Where Three Oceans Meet

Where Three Oceans Meet
Rajani Larocca and Archana Sreenivasan

This story was inspired by author Rajani Larocca’s memories of a similar trip taken when she was a child.

Here, Sejal, her mother both USA residents, and Pati ( I think Sejal’s maternal grandmother,) who lives in India plan a trip to the southernmost tip of India, the place where three oceans meet – the Indian Ocean, the Bay of Bengal, and the Arabian Sea.

With their preparations and packing completed, (saris for Pati – nine yards long – and mum – six yards, t-shirts and jeans, with langas and blouses for best – that’s Sejal), in the girl’s first person narrative we follow members of three generations from Bangalore all the way to Kanyakumari, which Sejal refers to as ‘the end of the earth’.

They travel by car first to Chennai, where they sample the dosas, and then by train across the countryside of Tamil Nadu to Coimbatore where they stop to visit friends, enjoy a slow peaceful boat ride down the river, sip the water of tender green coconuts,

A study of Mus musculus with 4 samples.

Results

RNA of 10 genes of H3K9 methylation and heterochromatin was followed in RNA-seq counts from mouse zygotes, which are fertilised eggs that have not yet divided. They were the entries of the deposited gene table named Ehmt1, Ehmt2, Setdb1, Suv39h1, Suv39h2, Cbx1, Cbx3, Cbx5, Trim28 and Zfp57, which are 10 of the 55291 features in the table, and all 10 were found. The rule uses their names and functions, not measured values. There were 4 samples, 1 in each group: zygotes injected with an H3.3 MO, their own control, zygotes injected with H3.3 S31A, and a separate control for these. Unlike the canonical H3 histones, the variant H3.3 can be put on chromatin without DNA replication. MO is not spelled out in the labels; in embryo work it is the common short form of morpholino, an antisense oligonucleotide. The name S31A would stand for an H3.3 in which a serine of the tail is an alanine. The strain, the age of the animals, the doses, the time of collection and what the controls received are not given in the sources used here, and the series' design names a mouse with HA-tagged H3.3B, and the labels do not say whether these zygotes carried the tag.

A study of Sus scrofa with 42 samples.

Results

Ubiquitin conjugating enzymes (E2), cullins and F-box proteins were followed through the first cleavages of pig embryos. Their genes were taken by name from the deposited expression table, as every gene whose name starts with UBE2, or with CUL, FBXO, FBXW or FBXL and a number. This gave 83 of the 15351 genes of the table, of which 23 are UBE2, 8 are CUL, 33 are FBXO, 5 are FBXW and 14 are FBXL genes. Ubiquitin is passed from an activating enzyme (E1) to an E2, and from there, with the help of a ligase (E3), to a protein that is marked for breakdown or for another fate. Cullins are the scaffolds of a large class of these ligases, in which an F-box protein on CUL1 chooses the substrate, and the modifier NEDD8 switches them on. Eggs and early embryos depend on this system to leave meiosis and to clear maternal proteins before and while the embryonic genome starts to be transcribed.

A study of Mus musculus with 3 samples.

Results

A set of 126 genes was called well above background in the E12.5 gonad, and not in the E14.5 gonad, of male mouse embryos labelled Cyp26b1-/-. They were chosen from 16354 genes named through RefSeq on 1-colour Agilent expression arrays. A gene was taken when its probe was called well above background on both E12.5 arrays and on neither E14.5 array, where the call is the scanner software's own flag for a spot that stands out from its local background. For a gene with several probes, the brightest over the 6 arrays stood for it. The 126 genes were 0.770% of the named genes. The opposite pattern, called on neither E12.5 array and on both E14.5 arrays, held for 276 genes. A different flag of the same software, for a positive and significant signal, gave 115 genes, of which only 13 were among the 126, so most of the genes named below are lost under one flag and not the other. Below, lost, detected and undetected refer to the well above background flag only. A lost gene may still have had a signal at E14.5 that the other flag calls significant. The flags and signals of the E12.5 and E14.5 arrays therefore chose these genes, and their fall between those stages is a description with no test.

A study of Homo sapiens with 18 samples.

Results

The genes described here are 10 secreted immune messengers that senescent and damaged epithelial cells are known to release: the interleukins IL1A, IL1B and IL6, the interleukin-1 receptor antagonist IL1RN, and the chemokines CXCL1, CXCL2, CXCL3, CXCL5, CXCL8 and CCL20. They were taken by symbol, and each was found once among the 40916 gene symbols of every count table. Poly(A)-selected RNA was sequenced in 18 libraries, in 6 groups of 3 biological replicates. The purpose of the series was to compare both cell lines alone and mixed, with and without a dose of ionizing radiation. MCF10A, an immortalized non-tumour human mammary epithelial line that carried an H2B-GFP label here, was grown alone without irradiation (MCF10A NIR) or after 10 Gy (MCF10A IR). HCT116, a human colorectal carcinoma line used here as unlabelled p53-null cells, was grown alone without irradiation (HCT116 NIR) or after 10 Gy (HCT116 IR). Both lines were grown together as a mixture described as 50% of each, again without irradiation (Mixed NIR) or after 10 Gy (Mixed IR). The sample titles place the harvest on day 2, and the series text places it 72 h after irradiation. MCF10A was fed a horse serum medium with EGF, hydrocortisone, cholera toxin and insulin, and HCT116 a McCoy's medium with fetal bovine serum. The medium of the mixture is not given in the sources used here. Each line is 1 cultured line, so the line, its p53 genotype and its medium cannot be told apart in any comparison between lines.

and wander in the colourful bazaars before moving on to Madurai with its amazing temple.

Finally they reach Kanyakumari, the place where three oceans meets, just like the three generations: ‘Pati, Mommy and me. One who lives in India, one who moved to America, and one who belongs to both … ‘ Three entwined as one, stronger than any alone.’

As well as showing how love transcends cultures and distance, and endures across vast continents, the author truly captures in words the assault on the senses that one experiences when first visiting India – all those wonderful sights, the gamut of sounds and smells in this story; while Archana Sreenivasan’s vibrant digital illustrations help readers feel they are right there with the travellers in this wonderfully warm intergenerational tale. I certainly felt as though I was right back on those sands at Kanyakumari that I visited way back on one of my many trips to southern India that also took in Bangalore, Chennai, Coimbatore, Madurai. A memorable learning journey for one small girl, and for this reviewer, a journey down memory lane.

(There’s a map of the journey at the back of the book, as well as an author’s note and one from the illustrator.)